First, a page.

Researching information and genealogy details on my ggg-grandfather, Lemuel White, uncovered a connection that I was not fully prepared for, nor had it ever been raised by family members; my mother was a direct descendant of a Mayflower family. From that knowledge, I was able to dig a bit further to then map out that I was in the 12th generation of descendants from William and Susannah White who made the original voyage in 1620-1621. I thought that was a pretty fun fact to be a Mayflower family descendant and then read that I was in good company with 38 million others!
BREAKING THROUGH: The first 4 generations of the first Mayflower voyagers were pretty well documented. Further I had a decent collection of information and sources for generations 5 through 12. However, connecting generation 4 and 5 with a “primary” record that would satisfy the Mayflower Society, has been a challenge. That research dig continues and continues…hopefully one day I will find it!
NEW INFORMATION: I have had a lot of fun researching the White Family, meeting and connecting with various relatives in my search for answers. I traveled to Iowa, Indiana and Illinois (hopefully soon to Ohio), to verify court records, church records, churches, cemeteries, newspaper articles and genealogy societies & museums. A lot of fun and some success…and, not surprising to fellow hunters of genealogy answers, a number of brick walls. With the White Family, I have seen church records across a number of denominations, the most surprising of which was a sole generation of Latter Day Saints: Lemuel White.
This was surprising to me as I had come across of A LOT of German and Swedish Lutheran affiliation in my family as well as a fair number of Irish Catholics….and, a Baptist, Methodist, and Quaker here and there as well as the religious faiths of the Mayflower descendants through the first 5 or 6 generations. What was even more interesting to me was that Lemuel White and his wife, Nancy (Morrow) White became involved with the Reorganized Church of Jesus Christ of Latter Day Saints during a fairly turbulent and controversial time of Mormon church history. Prior to discovering this, I had been looking for baptismal, marriage and burial records in the local established churches in the cities that Lemuel and Nancy had lived: Jackson, Preble County, Ohio; Whitestown, Boone County, Indiana; and Shabbona Grove, DeKalb, Illinois. Now I know why I was unsuccessful...Lemuel and Nancy did not attend those churches that I could find.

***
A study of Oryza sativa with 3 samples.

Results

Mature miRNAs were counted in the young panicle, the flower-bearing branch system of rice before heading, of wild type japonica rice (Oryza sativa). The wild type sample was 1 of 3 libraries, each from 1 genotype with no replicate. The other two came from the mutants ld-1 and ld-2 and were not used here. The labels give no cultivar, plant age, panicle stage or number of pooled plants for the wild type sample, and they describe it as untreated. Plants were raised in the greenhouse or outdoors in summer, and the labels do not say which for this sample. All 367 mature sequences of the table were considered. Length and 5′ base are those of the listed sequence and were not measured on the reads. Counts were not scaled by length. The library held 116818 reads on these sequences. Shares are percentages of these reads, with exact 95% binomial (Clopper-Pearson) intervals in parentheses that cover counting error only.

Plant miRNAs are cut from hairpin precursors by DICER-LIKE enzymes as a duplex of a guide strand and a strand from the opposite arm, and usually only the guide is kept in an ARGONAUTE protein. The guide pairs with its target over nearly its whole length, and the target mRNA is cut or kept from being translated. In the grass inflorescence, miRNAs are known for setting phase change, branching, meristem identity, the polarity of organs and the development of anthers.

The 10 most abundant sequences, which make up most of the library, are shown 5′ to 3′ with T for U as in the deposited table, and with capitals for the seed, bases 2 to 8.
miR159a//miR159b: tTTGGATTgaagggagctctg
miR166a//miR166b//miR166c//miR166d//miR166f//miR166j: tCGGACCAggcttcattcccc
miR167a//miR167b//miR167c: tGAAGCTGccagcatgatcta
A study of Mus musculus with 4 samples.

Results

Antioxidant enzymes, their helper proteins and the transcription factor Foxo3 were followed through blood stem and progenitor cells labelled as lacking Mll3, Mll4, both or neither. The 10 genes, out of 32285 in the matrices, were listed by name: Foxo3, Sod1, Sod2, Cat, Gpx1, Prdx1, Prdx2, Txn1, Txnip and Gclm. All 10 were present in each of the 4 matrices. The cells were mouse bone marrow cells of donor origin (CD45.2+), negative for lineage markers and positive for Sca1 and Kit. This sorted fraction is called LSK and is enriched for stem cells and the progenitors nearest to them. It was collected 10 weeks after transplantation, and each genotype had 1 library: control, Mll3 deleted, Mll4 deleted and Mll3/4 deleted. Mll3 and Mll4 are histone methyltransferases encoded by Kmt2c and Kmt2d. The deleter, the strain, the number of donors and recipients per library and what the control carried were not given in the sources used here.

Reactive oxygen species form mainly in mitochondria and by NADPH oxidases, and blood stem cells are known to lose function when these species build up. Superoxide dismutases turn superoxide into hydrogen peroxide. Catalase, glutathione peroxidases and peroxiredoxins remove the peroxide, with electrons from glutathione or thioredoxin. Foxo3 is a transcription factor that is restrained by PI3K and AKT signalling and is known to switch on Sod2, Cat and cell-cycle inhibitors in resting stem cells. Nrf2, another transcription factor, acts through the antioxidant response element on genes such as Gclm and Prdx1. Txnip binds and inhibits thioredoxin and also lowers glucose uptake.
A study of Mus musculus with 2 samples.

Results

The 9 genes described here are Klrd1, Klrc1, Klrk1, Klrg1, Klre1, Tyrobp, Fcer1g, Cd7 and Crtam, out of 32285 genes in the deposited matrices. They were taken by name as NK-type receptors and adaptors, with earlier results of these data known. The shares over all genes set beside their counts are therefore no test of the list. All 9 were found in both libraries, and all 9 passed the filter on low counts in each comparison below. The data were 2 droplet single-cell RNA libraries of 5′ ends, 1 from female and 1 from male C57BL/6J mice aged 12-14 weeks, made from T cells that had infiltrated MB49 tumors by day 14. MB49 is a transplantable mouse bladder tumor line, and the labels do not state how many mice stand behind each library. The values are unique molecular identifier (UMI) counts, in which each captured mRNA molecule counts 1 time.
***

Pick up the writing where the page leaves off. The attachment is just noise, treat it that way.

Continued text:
|Map of Whitestown, Boone County, Indiana (noting the land donated by Lemuel White, "White's Addition)|
The Mormon church was organized in 1830 with Joseph Smith dying in martyrdom in a violent massacre in 1844 (Brigham Young assuming Presidency the same year); this was a time of significant controversy. I had found reference to Lemuel in “The True Latter Day Saints’ Herald”, Volume 2, Number 1. (February/March 1861) noting that in Whitestown, Indiana, Lemuel White was a “priest”…and, also referenced in this newsletter was the Trout family whose daughter Martha Ann married Lemuel’s nephew, Valentine White (through his brother Elisha). This article was highlighting that they were organizing a church in Whitestown.
By January 1865, another article noted that they had been “laboring in… spreading the truth” and, that they found “a great deal of prejudice existing in the minds of the people”. I have been unable to learn more of how this difficulty impacted the White family, but they moved from Whitestown (some research state the town was named after Lemuel for donating a great deal of land to form the town...see above map) in November 1865 to live in Shabbona Grove, Illinois. The Whites continued their belief in the Mormon Church as they were buried in a cemetery of fellow LDS believers.
However, none of their five children who survived to adulthood continued with the Mormon religion…the two oldest daughters died young, the youngest daughter moved out to Southern California by herself around 1900 to live as an artist (never married, never had children), and their two sons followed the religion of their spouses.
It was an interesting time and I have so, so many questions. Sounds like a research opportunity.